Social Care Directors “Will Widen Their Commissioning Role”

Social Care leaders are pushing their sights wider than social and health care services when firming up future commissioning plans, according to Association of Directors of Adult Social Services President Anne Williams.

{mosimage}In a speech to the National Care Forum this week, Ms Williams said managers are increasingly aware that leisure, culture, housing and other services are vital ingredients of local authorities’ duty to provide for the wellbeing of their citizens.

“This wider commissioning role is needed in order to focus more fully on the health and social care needs of the population, and has to be underpinned by joint research, intelligence and strategic needs assessments.

“The research should help ensure a meaningful involvement of public, users, and carers in our commissioning strategies,” she said.

In a wide-ranging speech which highlighted the major challenges faced by both commissioners and providers, Ms Williams urged all her colleagues and their partner agencies to:

  • FOCUS on outcomes and development of performance frameworks for contract specifications and monitoring,
  • WORK in partnership with providers to help develop new services and new ways of working,
  • SUPPORT the development of new providers where the market called for it,
  • MAINTAIN stability and choice of services while moving to selfdirected support models,
  • PROVIDE better information for the public at large,
  • DEVELOP robust contract/quality monitoring, perhaps by using `mystery shoppers’ more frequently.

Ms Williams pulled no punches, either, when she outlined the challenges that providers were going to have to overcome in the new social and health care climates that are emerging. “They must respond and adapt to changing needs and models of service,” she warned. “Dementia care, telecare, re-ablement,and extra care along with more direct paying customers all mean that different methods of contract and quality monitoring are going to have to be developed.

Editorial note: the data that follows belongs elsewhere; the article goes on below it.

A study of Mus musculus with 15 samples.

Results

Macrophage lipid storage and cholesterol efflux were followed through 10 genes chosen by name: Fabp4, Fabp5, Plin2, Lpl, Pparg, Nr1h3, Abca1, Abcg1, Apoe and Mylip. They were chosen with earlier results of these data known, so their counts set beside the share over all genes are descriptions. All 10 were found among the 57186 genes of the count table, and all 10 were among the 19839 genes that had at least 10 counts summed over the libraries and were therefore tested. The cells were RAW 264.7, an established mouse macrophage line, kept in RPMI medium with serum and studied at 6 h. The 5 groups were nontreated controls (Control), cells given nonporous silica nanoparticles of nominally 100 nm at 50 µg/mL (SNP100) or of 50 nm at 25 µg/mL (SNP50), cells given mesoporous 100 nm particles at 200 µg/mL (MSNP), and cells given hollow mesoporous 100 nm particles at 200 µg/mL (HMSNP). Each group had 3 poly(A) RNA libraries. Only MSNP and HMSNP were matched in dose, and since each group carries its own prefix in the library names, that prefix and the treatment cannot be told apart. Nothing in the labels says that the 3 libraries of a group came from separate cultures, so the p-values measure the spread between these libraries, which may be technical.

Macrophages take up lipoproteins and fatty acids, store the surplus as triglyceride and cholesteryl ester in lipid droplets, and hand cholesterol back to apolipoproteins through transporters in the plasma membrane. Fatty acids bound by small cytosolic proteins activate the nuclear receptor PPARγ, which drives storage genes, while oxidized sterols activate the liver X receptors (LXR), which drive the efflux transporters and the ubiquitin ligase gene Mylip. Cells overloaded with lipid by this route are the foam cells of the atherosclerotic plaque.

“New areas of service will emerge where not working in partnership with other providers, or not providing good quality information for the public generally as well as social care users and carers will simply not be realistic options,” she said. The outcomes, though, would be “well worth the tremendous efforts required.”

More and better quality joint commissioning and joint monitoring, with pooled budgets and lead commissioning; continued partnership working with providers; widening opportunities for innovation with new providers, and a real focus on outcomes, independence, social inclusion, employment, and re-ablement were all important targets to be pursued.

“If pursued robustly, they will help drive up the quality of care and services we commission and provide for adults and their families in our communities,” she said.